By: Kayhan Int’l Staff Writer
Lebanon has finally formed a national unity government with new faces in the cabinet representing the various political parties and religious groups of the small Arab country which has a coastline on the Mediterranean Sea and shares most of its land borders with Syria, in addition to a tension-charged frontier with Palestine under its Zionist usurpers.
Prime Minister Hassan Diab, a former education minister, who is computer engineer by profession has named a cabinet of technocrats, including six women ministers, who are expected to be endorsed by the parliament next week.
As per the constitution which was drawn during World War 2 by the French colonialists before they left Lebanon, the prime minister should be a Sunni Muslim, the president a Maronite Christian, and the speaker of parliament a Shi’a Muslim.
Michael Aoun who holds the presidency formally swore in Diab as the premier following consensus with parliament speaker Nabih Berri and the various Shi’a Muslim groups he represents.
Lebanon, which since last October, when Prime Minister Sa’d al-Hariri resigned, has been without a functioning government, due to politicization by outside forces of the peaceful public protests against inflation and economic difficulties.
The crisis has been exacerbated because of meddling by the U.S., Saudi Arabia, and the UAE, which have infiltrated the peaceful protests with their agents who are indulging in acts of vandalism against public and private properties, coupled with anti-national calls for vague and unspecified reforms that are actually intended to sabotage the efforts of the authorities to find a solution to the crisis.
If real reforms are to take place in Lebanon, what is required is a radical change of the sharing of powers specified by the French-drawn constitution, since the largest single group in the country today are the Shi’a Muslims who make up over half of the national population. The Sunni Muslims and Christians come second and third.
The Shi’a Muslims, however, have been magnanimous and are not laying claim to executive power on the basis of their growing numbers, but they want a fair representation in the cabinet and the running of the administration.
The cabinet of Hassan Diab seems to have solved this issue after Lebanon’s legendry anti-terrorist movement, the Hezbollah, gave its nod to him for formation of the government and naming of the cabinet.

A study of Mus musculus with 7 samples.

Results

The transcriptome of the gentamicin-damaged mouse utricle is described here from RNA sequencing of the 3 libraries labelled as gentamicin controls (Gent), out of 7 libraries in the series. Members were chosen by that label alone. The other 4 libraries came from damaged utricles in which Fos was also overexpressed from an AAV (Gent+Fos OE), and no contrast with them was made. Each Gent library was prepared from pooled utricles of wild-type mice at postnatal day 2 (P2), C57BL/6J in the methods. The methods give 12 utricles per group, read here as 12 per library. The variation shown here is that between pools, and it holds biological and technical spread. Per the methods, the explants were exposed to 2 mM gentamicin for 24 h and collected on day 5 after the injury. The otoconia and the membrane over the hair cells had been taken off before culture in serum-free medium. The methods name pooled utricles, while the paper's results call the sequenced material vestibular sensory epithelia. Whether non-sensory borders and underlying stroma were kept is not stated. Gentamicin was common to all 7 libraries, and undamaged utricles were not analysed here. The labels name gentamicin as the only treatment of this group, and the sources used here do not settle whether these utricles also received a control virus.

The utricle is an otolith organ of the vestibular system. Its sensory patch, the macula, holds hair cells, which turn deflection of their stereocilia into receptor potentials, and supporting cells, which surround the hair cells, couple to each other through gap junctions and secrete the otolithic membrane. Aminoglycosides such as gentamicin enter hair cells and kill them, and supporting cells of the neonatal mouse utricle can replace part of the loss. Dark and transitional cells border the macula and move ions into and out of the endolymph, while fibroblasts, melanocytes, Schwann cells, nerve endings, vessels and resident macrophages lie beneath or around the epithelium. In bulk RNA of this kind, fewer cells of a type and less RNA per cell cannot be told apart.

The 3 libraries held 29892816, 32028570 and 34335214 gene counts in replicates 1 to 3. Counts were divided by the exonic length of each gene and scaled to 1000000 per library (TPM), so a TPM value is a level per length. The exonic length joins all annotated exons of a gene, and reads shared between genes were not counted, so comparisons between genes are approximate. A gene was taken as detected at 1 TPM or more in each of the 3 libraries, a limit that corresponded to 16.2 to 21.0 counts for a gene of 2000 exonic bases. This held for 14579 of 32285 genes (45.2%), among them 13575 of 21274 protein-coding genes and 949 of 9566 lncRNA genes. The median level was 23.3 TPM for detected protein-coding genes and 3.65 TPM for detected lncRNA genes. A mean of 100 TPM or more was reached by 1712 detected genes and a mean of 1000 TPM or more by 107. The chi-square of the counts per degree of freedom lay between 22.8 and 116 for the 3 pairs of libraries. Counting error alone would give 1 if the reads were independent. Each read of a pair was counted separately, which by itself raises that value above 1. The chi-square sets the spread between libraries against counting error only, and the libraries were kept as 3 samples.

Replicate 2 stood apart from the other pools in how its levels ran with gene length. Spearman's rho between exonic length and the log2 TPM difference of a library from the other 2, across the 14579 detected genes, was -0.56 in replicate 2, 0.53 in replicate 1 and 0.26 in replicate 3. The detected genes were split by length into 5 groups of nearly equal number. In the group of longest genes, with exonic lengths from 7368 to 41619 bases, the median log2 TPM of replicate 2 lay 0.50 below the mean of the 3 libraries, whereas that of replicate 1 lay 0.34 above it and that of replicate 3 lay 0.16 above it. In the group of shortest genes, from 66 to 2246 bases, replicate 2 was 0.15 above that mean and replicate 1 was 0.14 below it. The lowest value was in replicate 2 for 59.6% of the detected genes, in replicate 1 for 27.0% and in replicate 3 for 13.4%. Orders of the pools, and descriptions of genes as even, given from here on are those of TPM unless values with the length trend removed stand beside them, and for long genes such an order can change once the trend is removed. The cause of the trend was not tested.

The Sunni Muslims and the Christians also share the same views, and despite the feverish efforts of the U.S., the illegal Zionist entity, and Arab reactionary regimes, national unity is firmly embedded in Lebanon.
Former premier, Sa’d al-Hariri, who resigned last October, has pledged not to obstruct the new government’s efforts at stabilizing the situation at home and embark on confidence-building abroad in order to convince the International Monetary Fund (IMF) to release much needed funds for averting an economic collapse.
U.N. Secretary-General Antonio Guterres has welcomed the government’s formation and said he would work with Prime Minister Hassan Diab to support the reform agenda, his spokesman said in a statement released at the World Body’s Headquarters in New York on Wednesday.
In view of these facts, Premier Diab, who cheerfully waived to the protestors after chairing the first meeting of his cabinet by saying "we are here to solve your problems”, should be extra careful against American machinations and the devilish designs of Israel, which regularly violated Lebanon’s air space.
The Zionist should be firmly dealt with, especially concerning the off-shored hydrocarbon fields which they are trying to usurp. At the same time, a stable Lebanon requires building of bridges with Syria, with which its history, culture, religion, and economy in intertwined.
The Islamic Republic of Iran extends its full support to the Lebanese people and their new government.